Looked first at Jupiter, but without seeing a lot of detail, and decided that Jupiter's glory days for this year are over. I could only faintly see any markings on the disk. Turned next to M81/82, which I found immediately. They were a little greyer than they appeared at the star party in Pennsylvania in June, but quite distinct. Went to look for M97 next, but as it turns out, I wasn't looking in quite the right place, and didn't come up with it. Went looking for some of the clusters around Cassiopeia, but couldn't come up with anything definite, although I did see lots and lots of stars that may or may not have been clusters.

I moved over to M31 next, and found it easily in the finder, and gawked at it for a while, until I finally realized that the oval smudge below it was also a galaxy, and now know it is M110, never before seen by Warthog eyes. Searched Triangulum next, as I was pretty sure there were galaxies to be had, but there weren't.

Now I moved up to Cygnus, and tried to find the Dumbbell, unsuccessfully, until my eyes just about fell out of my head. Looked at Albireo for a while, then came up by way of the Cygnus star chain to M29, and tried unsuccessfully for the North America nebula. Tried for the ring, but couldn't come up with it, and went for a look at M13, which was easy. Then I went back over to Cassiopeia, where I looked at a part of the Milky way which looked interesting, and came up with the Double Cluster which I had never pulled out of my home skies. Took a look at the Pleiades just before I covered the scope and headed in to bed.

During this time, a pack of wolves decided to hold a Grand Howl somewhere in the woods, probably less than a kilometre away. I listened for as long as it lasted, about two minutes. It was pretty weird. Then I went back to the scope and cruised around for a while, looking towards Sagittarius, again coming up with lots of stars, but nothing I could classify definitely without help. Saw a lot of very pretty doubles, again without the ability to identify them. Sagittarius was about half hidden by trees, as there was forest to the south.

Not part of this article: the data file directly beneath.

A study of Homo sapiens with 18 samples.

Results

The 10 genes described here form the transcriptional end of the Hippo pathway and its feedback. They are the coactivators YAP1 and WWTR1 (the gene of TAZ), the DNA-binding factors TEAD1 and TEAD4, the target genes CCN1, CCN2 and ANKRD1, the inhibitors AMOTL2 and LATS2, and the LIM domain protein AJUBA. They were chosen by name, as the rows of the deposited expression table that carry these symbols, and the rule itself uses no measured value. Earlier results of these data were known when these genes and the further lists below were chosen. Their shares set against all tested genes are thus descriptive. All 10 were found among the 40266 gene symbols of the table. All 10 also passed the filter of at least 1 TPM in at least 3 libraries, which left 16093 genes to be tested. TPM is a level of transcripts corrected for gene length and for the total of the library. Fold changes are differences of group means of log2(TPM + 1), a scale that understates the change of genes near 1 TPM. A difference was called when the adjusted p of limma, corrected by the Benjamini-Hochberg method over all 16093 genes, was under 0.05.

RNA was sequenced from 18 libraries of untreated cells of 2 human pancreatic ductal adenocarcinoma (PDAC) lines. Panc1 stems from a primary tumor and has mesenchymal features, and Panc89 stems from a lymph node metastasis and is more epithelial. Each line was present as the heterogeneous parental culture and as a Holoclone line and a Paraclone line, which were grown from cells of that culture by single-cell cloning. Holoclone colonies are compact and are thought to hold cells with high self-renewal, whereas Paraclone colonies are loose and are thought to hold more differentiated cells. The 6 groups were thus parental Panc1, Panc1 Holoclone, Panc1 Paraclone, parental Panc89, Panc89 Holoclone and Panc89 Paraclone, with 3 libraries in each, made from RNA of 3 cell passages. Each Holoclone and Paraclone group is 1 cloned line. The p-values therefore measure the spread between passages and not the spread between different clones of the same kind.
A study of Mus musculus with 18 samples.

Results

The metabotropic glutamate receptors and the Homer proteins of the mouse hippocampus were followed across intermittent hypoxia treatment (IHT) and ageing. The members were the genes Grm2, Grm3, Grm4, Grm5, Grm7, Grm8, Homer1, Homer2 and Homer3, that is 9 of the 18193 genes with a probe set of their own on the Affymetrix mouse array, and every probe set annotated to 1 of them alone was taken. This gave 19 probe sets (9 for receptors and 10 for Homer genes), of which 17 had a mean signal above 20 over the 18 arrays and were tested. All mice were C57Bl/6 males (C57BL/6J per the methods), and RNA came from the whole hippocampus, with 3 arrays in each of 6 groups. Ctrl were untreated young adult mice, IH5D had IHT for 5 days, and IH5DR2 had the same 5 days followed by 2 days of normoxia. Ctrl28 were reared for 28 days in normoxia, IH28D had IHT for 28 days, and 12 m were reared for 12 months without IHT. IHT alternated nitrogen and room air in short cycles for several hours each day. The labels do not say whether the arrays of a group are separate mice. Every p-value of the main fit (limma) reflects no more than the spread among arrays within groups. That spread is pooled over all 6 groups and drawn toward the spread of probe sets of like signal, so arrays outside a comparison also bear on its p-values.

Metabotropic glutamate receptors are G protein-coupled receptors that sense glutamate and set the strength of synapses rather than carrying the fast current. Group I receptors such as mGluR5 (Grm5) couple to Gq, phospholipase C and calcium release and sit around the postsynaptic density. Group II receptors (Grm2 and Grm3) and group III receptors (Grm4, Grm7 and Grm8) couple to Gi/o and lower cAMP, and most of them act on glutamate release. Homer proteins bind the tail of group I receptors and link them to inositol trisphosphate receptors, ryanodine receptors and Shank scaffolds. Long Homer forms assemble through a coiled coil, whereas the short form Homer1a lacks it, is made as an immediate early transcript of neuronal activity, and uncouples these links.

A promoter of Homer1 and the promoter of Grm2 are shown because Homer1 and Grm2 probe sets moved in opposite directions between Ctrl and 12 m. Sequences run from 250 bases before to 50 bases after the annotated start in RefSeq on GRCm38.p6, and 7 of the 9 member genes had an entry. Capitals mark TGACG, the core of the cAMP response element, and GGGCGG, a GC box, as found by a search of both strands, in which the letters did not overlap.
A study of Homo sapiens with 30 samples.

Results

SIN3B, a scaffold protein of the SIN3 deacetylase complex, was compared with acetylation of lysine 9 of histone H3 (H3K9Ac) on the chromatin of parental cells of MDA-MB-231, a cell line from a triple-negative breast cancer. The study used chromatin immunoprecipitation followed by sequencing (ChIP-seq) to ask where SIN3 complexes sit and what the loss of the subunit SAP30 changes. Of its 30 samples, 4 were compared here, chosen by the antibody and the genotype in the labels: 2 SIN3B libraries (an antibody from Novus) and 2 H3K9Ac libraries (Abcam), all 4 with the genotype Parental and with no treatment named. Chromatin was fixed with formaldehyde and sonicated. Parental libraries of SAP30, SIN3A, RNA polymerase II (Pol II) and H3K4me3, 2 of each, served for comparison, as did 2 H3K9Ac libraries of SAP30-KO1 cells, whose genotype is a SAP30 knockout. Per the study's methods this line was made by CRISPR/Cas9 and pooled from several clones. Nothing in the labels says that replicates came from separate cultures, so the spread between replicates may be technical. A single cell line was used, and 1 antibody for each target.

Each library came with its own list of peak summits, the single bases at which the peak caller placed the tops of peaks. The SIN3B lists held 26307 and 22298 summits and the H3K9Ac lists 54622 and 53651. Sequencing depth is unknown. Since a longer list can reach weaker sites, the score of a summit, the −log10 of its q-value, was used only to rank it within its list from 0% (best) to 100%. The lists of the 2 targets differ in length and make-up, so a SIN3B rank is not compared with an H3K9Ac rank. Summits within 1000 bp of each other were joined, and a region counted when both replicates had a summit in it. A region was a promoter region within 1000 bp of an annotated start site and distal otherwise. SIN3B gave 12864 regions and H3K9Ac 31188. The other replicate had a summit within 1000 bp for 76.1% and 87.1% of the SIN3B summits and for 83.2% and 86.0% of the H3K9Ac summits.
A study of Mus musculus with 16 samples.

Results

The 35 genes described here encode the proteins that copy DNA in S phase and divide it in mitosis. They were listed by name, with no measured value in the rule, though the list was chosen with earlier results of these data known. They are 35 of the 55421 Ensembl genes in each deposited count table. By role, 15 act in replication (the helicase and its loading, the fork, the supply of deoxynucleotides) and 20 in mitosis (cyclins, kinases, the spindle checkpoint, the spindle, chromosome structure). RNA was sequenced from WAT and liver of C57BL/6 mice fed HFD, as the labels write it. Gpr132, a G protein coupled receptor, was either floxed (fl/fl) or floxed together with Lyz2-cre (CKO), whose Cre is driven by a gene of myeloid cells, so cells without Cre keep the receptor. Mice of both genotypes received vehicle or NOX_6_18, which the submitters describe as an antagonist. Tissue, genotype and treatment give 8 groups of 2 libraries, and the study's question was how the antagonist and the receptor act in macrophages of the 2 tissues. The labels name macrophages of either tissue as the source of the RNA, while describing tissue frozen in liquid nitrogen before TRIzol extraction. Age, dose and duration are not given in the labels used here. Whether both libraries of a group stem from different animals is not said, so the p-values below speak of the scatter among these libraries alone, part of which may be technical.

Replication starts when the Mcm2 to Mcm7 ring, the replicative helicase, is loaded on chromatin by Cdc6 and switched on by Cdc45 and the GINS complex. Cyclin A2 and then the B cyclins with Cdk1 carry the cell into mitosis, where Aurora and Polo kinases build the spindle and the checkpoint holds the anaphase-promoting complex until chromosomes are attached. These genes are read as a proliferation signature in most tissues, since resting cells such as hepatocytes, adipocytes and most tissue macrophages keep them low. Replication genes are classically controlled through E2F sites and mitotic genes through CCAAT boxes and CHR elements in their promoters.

Saturday it rained through most of the day, but cleared wonderfully by evening.I had to move my scope closer to the cottage because it had been sitting in an extensive puddle about an inch deep when I got back in the afternoon. Saturday night was pretty much a repeat of Friday, although I looked at M11 awhile. There was also a brief but unspectacular display of Northern lIghts, being mostly a bright bar of light along the horizon, with vertical streamers rising from it, all in green. I brought my wife out to look, but she was singularly unimpressed. The display lasted about an hour. I also came up with a nice globular in Sagittarius, but can't say for sure whether it was M28 or M22. I suspect the latter, as it was quite bright.

Sunday I came up with M27, finally. I had been looking a degree or two northeast of where I should have, and tried a little farther away this time. I moved the scope a little, and it just drifted into view, and I said a word you didn't even think the Warthog knew, but I looked at the Dumb thing for about 15 minutes, afraid to let it go in case I never see it again. Then I put my 8mm ep in, and went for the Ring, finding it almost immediately, after all the trouble I've had on other nights.

Lesson learned: Never forget your star maps, you'll do much better. Still and all, a very nice three nights.